I need a little help from all you lawyers out there. In the coverage of the prosecutorial misconduct in ex-senator Ted Stevens’s trial, I haven’t seen a single mention of what seems to me at least a strong possibility.
Did the prosecutors from Bush’s Justice Department throw the case deliberately?
Consider the time line. The longest-serving Republican senator in history is facing corruption trial on charges so solid the chances of an acquittal were almost nonexistent. And at the same time, he’s up for reelection.
Normally the trial would have dragged on till the election was safely past, but unfortunately the charges were already public. Made public by whom? Why? Wouldn’t Rove’s sock puppets in the Justice Department simply have buried the whole matter?
Maybe they couldn’t. Maybe they knew somebody in the Alaska office would blow the whistle if a cover-up occurred. Was there such a somebody? We’ll get back to that.
Meanwhile, indulge me. Assume the prosecutors were afraid to deep-six the case for fear of being exposed. They make this known to Stevens. How can they possibly get him off the hook and back in the Senate so the Democrats won’t have a filibuster-proof majority?
The only thing they can come up with is for Stevens to ask for the trial to be speeded up so as to get it out of the way before the election. But that would only serve everybody’s purposes if the verdict were not guilty — and the evidence against him is overwhelming. Maybe that doesn’t matter, though.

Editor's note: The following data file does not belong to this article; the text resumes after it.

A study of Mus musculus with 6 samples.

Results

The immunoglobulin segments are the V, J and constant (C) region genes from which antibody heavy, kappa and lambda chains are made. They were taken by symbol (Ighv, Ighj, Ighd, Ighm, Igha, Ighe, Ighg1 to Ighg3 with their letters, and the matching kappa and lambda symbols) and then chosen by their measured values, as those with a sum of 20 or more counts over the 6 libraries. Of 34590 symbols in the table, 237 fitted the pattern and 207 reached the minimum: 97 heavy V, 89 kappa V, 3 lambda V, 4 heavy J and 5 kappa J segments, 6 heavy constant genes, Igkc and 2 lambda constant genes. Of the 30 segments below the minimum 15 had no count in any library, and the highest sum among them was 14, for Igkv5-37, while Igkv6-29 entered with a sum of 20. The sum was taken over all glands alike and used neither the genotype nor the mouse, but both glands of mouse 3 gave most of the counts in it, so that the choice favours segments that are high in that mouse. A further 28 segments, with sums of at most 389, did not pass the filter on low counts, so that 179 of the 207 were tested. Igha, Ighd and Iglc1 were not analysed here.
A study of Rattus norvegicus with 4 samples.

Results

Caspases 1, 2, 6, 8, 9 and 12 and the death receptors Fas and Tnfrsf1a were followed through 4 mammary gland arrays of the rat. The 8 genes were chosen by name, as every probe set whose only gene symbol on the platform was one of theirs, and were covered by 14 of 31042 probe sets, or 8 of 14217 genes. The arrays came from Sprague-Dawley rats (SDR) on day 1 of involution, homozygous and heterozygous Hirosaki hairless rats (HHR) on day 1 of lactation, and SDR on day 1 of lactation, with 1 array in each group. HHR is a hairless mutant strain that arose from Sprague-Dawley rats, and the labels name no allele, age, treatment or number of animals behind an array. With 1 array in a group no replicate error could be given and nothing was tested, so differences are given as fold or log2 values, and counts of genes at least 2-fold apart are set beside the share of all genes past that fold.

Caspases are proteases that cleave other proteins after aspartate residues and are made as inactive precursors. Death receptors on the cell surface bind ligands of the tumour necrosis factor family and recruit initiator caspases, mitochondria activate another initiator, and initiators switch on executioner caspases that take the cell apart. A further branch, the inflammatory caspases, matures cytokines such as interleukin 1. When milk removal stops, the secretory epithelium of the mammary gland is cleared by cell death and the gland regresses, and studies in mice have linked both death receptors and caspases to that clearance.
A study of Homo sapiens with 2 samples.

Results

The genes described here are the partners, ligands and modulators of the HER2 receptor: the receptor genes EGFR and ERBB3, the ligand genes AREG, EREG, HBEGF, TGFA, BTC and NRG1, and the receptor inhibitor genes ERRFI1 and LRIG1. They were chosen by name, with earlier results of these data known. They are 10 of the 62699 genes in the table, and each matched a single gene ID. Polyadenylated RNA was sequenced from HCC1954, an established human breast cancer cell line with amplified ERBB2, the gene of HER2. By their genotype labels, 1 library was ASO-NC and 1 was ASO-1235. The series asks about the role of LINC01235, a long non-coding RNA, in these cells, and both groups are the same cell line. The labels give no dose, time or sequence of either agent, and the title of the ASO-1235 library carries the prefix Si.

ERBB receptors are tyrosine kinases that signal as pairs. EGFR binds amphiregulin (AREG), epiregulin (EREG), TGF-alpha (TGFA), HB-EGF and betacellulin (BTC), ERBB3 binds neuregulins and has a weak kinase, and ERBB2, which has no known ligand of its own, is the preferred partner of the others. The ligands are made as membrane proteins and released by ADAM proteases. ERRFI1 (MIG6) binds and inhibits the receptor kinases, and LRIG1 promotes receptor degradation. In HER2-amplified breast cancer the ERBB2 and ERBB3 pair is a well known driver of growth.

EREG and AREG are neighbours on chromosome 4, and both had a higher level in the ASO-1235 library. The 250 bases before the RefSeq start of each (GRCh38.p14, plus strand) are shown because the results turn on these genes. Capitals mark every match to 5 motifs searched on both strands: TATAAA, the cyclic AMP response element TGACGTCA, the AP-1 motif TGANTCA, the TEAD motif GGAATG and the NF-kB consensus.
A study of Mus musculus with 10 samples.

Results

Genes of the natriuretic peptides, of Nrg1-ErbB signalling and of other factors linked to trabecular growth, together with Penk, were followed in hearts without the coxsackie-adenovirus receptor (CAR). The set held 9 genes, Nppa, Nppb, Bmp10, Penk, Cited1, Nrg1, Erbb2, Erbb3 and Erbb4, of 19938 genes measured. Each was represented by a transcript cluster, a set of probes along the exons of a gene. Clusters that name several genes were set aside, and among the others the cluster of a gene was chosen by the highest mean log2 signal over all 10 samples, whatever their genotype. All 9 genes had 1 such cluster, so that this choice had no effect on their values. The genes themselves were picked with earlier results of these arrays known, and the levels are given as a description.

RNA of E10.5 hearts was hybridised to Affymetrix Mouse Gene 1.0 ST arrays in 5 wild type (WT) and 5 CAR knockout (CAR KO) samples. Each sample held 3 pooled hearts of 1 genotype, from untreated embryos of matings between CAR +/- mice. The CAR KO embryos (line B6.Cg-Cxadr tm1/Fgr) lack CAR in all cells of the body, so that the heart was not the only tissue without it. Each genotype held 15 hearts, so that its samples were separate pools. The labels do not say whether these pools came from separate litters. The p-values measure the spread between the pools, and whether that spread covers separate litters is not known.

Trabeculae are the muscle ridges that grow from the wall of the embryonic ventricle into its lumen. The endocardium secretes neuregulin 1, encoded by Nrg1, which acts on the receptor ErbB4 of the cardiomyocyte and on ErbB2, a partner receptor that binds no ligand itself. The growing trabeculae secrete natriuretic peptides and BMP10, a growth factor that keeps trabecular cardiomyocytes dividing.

Knowing that a guilty verdict (reached eight days before the election) was otherwise inevitable, mightn’t they have sabotaged their own case so that the judge would declare a mistrial — as he almost did on one occasion.
That would position the Republicans to argue that Stevens was an innocent man who deserves re-election — exactly the argument that they are in fact making today, now that Obama’s attorney general has moved to drop all charges.
Now let’s go back to why the case wasn’t just buried in the first place. Yes, there was a straight arrow on the prosecution side who was very likely to go public if the Bush Justice Department tried to bury the case. He is FBI agent Chad Joy, and he did indeed wind up filing a complaint against the FBI’s lead agent in the investigation.
I admit this sounds far-fetched, but then desperate times may have called for desperate measures. The thing that has puzzled me from the beginning is the blatant tactics of the prosecution. Time after time they seemed to be begging the judge to call them on their unconstitutional concealment of exculpatory evidence from the defense team.
And there wasn’t even any point to hiding that evidence: the charge was taking something of value in return for services rendered, not whether the renovation of Stevens’s chalet was only worth $80,000 rather than three times that. Either way Stevens is whoring out his office; how much he charges clients is legally irrelevant.
The only explanation for the prosecutors’ conduct that even vaguely makes sense to me is a calculated decision on their part to shoot themselves in the foot.
A big piece of the puzzle still missing — at least from any of the stories I’ve read — is the actual makeup of the prosecution team. The U.S. Attorney in Anchorage may be assumed to be a creature of Rove’s, but maybe not. The office seems to have been headed for the last couple of years by interim appointees. Career prosecutors, Bush hacks? Both? Were they vetted by the ineffable Monica Goodling?
If my idea is crazy or impossible, somebody explain to me what other explanation there could be. As Rachel Maddow says, talk me down.